New Delhi, March 15 (IANS) Against the backdrop of China's surging trade with Africa, Minister of State for External Affairs Shashi Tharoor Monday outlined the unique Indian model of engagement with the continent that revolves around capacity building, training and private sector investments.
'The model of our cooperation with Africa is clearly one seeking mutual benefit through a consultative process,' Tharoor said at the sixth India-Africa business conclave.
'We do not wish to go and demand certain rights or projects or impose our ideas in Africa. But we do want to contribute to the achievement of Africa's development objectives as they have been set by our African partners,' Tharoor said.
The conclave is expected to discuss business projects worth at least $10 billion and prepare a roadmap for the second India-Africa Forum Summit next year.
External Affairs Minister S.M. Krishna inaugurated the two-day conclave Monday morning.
Nearly 400 African political and business leaders, including several ministers, have flown in from 34 African countries to attend the summit.
Although Tharoor did not name China, it was an oblique reference to the Chinese practice of doing business with Africa that stands out in contrast to the agenda-free approach of India.
India's bilateral trade with Africa is currently around $39 billion compared to China-Africa trade of $109 billion, but New Delhi has taken care to distinguish its singular approach towards the continent that revolves around the empowerment of the continent as opposed to mere profit-seeking.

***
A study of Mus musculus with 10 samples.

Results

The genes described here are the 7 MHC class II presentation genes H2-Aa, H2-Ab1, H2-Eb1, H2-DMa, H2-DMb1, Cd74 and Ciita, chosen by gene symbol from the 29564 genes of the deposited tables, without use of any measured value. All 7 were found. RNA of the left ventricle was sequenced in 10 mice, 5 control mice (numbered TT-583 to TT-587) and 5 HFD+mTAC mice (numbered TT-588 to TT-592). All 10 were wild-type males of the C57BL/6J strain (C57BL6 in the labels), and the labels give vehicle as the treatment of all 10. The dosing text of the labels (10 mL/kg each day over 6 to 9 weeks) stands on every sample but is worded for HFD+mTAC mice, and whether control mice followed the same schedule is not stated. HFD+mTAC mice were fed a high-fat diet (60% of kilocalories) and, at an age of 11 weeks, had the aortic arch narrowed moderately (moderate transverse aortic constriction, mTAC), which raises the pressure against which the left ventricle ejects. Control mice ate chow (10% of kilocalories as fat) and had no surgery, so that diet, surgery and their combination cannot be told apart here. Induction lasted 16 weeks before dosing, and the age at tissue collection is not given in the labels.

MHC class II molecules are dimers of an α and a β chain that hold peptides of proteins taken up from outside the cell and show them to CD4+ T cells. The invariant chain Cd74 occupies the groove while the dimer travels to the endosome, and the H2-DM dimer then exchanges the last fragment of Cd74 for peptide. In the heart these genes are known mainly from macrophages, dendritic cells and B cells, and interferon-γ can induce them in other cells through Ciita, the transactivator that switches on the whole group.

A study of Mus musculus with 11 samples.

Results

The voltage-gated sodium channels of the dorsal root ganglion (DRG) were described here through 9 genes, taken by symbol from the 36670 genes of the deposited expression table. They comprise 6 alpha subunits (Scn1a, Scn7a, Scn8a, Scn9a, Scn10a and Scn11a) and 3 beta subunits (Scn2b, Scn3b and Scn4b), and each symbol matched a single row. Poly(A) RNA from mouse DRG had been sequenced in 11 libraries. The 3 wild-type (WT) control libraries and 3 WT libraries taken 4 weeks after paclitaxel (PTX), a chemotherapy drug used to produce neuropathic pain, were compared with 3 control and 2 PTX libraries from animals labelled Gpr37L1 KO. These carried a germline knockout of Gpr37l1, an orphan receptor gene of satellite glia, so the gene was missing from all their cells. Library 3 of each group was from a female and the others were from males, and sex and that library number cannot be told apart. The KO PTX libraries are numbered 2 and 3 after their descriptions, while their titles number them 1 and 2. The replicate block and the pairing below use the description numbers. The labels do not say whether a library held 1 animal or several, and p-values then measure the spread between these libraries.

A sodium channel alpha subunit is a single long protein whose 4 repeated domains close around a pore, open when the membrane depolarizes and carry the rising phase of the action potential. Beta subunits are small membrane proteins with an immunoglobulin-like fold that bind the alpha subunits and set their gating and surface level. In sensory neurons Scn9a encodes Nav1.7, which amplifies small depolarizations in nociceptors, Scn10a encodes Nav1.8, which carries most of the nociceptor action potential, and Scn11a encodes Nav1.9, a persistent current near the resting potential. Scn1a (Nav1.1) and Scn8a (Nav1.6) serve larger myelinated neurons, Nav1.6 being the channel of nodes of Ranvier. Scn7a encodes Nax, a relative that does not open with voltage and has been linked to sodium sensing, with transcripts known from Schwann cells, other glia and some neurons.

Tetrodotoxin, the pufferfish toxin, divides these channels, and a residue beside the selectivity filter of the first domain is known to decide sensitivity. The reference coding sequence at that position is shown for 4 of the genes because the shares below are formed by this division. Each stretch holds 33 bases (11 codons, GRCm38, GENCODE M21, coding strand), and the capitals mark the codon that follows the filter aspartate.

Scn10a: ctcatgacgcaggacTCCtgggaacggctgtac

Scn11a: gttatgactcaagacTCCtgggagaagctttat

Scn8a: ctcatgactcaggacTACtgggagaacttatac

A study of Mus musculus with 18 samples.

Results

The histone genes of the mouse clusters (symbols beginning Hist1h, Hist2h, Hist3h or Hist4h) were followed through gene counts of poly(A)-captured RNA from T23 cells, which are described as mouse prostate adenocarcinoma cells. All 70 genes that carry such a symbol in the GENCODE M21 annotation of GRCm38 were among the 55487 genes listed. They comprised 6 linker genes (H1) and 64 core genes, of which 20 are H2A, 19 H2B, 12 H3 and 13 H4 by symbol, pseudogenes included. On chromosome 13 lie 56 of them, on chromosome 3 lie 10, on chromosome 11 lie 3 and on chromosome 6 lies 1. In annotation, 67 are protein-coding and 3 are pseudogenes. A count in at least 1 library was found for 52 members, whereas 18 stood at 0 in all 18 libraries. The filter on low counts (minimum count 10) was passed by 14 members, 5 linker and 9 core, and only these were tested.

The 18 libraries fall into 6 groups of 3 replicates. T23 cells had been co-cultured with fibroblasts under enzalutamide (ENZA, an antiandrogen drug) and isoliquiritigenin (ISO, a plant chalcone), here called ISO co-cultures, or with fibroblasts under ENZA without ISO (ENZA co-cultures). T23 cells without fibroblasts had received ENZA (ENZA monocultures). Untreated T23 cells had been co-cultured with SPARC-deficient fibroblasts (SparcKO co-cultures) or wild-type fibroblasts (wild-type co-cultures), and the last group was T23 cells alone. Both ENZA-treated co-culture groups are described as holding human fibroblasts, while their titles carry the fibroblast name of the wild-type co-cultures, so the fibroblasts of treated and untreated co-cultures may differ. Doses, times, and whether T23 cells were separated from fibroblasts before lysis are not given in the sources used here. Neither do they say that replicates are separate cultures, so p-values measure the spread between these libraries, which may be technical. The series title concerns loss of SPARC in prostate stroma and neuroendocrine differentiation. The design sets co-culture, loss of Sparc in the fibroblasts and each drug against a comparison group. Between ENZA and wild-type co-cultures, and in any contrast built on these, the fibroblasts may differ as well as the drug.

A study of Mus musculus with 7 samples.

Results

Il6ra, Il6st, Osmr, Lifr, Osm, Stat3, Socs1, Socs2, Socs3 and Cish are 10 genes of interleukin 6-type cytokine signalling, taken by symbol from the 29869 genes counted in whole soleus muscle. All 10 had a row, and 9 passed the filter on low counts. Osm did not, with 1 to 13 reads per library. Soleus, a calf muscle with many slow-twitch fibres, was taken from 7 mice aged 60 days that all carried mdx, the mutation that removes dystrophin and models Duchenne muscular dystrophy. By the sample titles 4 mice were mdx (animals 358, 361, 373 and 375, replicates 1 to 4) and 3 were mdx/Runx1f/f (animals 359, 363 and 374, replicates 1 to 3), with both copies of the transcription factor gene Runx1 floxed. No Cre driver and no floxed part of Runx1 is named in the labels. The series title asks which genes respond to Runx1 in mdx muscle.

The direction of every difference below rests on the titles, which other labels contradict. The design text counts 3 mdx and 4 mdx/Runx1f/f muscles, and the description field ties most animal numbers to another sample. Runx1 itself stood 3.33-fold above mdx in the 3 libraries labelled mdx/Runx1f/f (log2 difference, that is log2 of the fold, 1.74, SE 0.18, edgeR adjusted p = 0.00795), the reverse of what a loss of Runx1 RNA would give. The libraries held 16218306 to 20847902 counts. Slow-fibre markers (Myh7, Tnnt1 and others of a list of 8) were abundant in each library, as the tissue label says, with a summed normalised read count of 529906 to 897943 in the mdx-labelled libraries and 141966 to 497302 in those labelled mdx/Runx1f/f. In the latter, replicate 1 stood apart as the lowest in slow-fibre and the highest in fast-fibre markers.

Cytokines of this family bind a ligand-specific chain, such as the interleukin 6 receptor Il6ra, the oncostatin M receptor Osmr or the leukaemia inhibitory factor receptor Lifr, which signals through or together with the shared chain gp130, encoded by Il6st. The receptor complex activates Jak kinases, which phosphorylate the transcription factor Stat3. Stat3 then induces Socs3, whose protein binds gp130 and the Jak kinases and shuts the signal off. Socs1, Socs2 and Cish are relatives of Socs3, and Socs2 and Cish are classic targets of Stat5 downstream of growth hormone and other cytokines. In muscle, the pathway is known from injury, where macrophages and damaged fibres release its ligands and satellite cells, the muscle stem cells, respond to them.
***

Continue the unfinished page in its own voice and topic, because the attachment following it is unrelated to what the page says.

'We are not seeing it in competitive terms. India's engagement with Africa stands on its own,' Tharoor later told journalists when asked about the possibilities of competition and rivalry between India and China in Africa.
'We don't go with any agenda. The Indian private sector is very effective in Africa,' he said while outlining key aspects of what he called India's model of cooperation with Africa.
Besides the consultative process and the spirit of friendship, Tharoor pointed out that the Indian approach involved sharing of knowledge and experience, both in political and economic terms.
'This sharing of experiences on political cooperation is, therefore, another aspect of our non-intrusive support to the development of democratic institutions in our partner countries,' he said.
'Similarly, areas of human resource development and capacity building have been at the forefront of our partnership with Africa,' said Tharoor, who is in charge of Africa in the external affairs ministry.
Tharoor, a former UN diplomat with wide-ranging contacts with the African leadership, also commended the Indian private sector for leading the push to scale up trade and investment with Africa.
The investment flows, Tharoor pointed out, were matched by a commitment by the Indian government which pledged $5.4 billion in new lines of credits at the India-Africa Forum summit.
'We represent an accessible model of development and to create in Africa a model for other developing countries,' he said.
India and Africa plan to scale up their bilateral trade to $70 billion by 2015.
The Indian model, Tharoor stressed, was visible in the joint action plan India and Africa launched last week that included the creation of training programmes and the establishment of 19 institutions in Africa with the African Union Commission and the member states.
'This is an important feature of our new model of engagement with Africa,' he said.
The action plan envisages India setting up a host of training institutes in Africa in areas of diamond polishing, IT, vocational education and Pan-African Stock Exchange.